Olympic Boxing 2012: Top 5 Performing Nations at London Games

Blake Dorfman@blakedorfmanFeatured ColumnistAugust 12, 2012

Olympic Boxing 2012: Top 5 Performing Nations at London Games


    Female boxing made its Olympic debut and didn't disappoint, proving itself as an event that should have been included long ago.

    Meanwhile, officiating controversy was rampant and numerous protests were filed. Two decisions were eventually overturned on appeal.

    Through it all, there were some nations that showed themselves as world powers in the sport. Here are the top five nations from the Olympic boxing events. 

5. Kazakhstan


    They also have some pretty tough fighters, winning four medals. Their lone gold medal came from welterweight southpaw Serik Sapiyev, one of the oldest fighters in the tournament at 28.

    Sapiyev defeated the host nation's Freddie Evans 19-7 to win his first Olympic medal. The former world champion suffered a disappointing early exit in Beijing, but got his redemption this time around. The nation also won a silver and two bronze medals.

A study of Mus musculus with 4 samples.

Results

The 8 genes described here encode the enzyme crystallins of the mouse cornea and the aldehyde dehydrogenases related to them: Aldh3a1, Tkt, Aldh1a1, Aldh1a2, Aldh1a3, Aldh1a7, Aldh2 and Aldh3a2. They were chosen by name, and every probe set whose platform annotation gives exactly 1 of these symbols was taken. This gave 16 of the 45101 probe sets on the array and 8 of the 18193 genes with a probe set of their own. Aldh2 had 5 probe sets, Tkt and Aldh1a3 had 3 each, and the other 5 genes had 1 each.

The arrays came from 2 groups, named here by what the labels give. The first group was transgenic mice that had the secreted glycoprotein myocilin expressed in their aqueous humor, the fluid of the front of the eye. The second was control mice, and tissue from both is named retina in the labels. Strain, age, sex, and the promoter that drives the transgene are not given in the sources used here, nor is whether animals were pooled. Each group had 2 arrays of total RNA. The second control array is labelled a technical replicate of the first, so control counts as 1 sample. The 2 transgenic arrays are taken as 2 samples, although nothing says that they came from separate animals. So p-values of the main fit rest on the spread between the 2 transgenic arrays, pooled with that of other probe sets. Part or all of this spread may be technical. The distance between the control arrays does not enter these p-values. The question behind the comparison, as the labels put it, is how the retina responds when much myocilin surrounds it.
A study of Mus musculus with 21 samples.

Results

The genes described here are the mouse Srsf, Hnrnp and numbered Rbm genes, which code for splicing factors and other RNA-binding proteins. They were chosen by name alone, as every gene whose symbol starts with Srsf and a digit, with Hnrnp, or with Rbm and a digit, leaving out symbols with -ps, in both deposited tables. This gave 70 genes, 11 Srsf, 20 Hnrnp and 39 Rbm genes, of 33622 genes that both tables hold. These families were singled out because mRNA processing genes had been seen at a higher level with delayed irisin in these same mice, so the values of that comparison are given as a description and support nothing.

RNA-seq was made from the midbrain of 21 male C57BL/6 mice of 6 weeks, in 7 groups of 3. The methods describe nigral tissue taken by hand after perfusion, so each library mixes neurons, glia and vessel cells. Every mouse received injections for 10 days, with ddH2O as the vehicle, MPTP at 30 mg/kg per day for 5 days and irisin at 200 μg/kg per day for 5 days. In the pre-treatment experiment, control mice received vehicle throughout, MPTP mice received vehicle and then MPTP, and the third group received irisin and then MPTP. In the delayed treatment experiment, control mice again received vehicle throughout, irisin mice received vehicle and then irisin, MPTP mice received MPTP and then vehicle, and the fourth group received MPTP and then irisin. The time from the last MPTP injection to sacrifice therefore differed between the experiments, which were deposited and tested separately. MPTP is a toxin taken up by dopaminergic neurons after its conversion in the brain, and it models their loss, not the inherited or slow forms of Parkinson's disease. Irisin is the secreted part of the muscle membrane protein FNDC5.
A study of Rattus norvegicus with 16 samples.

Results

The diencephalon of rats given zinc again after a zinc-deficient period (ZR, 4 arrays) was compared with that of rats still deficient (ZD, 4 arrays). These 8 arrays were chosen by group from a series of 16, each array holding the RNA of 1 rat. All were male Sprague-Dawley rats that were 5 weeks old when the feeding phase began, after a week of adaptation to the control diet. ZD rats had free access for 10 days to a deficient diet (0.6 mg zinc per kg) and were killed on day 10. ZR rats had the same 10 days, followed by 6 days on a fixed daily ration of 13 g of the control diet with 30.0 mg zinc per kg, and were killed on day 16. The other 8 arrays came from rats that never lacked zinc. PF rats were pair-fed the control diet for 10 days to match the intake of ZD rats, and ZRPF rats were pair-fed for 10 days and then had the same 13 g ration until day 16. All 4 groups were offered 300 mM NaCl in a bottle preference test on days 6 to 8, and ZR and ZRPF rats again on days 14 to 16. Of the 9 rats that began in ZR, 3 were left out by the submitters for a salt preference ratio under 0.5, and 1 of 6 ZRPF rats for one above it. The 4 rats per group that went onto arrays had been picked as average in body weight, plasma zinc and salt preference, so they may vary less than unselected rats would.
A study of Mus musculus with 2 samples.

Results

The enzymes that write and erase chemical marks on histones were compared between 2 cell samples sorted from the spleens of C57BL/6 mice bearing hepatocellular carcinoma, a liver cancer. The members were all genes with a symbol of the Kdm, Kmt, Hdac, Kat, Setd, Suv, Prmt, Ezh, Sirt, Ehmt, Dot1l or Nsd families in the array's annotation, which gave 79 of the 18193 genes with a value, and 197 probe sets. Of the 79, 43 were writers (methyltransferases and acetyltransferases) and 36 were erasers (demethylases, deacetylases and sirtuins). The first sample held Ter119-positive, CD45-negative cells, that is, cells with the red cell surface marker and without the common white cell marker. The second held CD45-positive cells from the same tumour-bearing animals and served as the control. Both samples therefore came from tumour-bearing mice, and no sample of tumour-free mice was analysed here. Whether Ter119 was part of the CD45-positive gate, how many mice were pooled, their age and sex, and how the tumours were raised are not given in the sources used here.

4. Cuba


    Ramirez Carrazana, just 18 years old, defeated world champion silver medalist Tugstsogt Nyambayar of Mongolia 17-14 in the gold-medal bout. Iglesias, who won the Cuban national title at age 16 and took bronze in Beijing, took down Ukraine's Denys Berinchyk 22-15 in his final bout. 

3. Russia


    Two silver medals and three bronze rounded out an Olympics-leading six-medal performance for the Russians.

2. Ukraine


    The Ukraine also took gold in the men's heavyweight thanks to Oleksandr Usyk's 14-11 decision over Italian Clemente Russo. In his three Olympic bouts, Usyk outscored opponents 52-29. The Ukraine also added a silver and two bronze medals to its haul.

1. Great Britain


    Joshua beat Italian Roberto Cammarelle in Sunday's title match on a tiebreaker after an 18-18 deadlock. A ridiculous athlete, Joshua once ran the 100-meter dash in 11 seconds as a 15-year-old. Not bad for a super heavyweight. He had to work hard for his medal, winning by less than three points in each of his four bouts.

    Campbell defeated Irishman John Joe Nevin 14-11 in the title bout, making good on his decision to turn down professional contracts to win an Olympic medal. Adams, meanwhile, took down Chinese favorite Ren Cancan 16-7.

    A gold and a bronze rounded out a British showing that the host nation's fans can raise a pint to.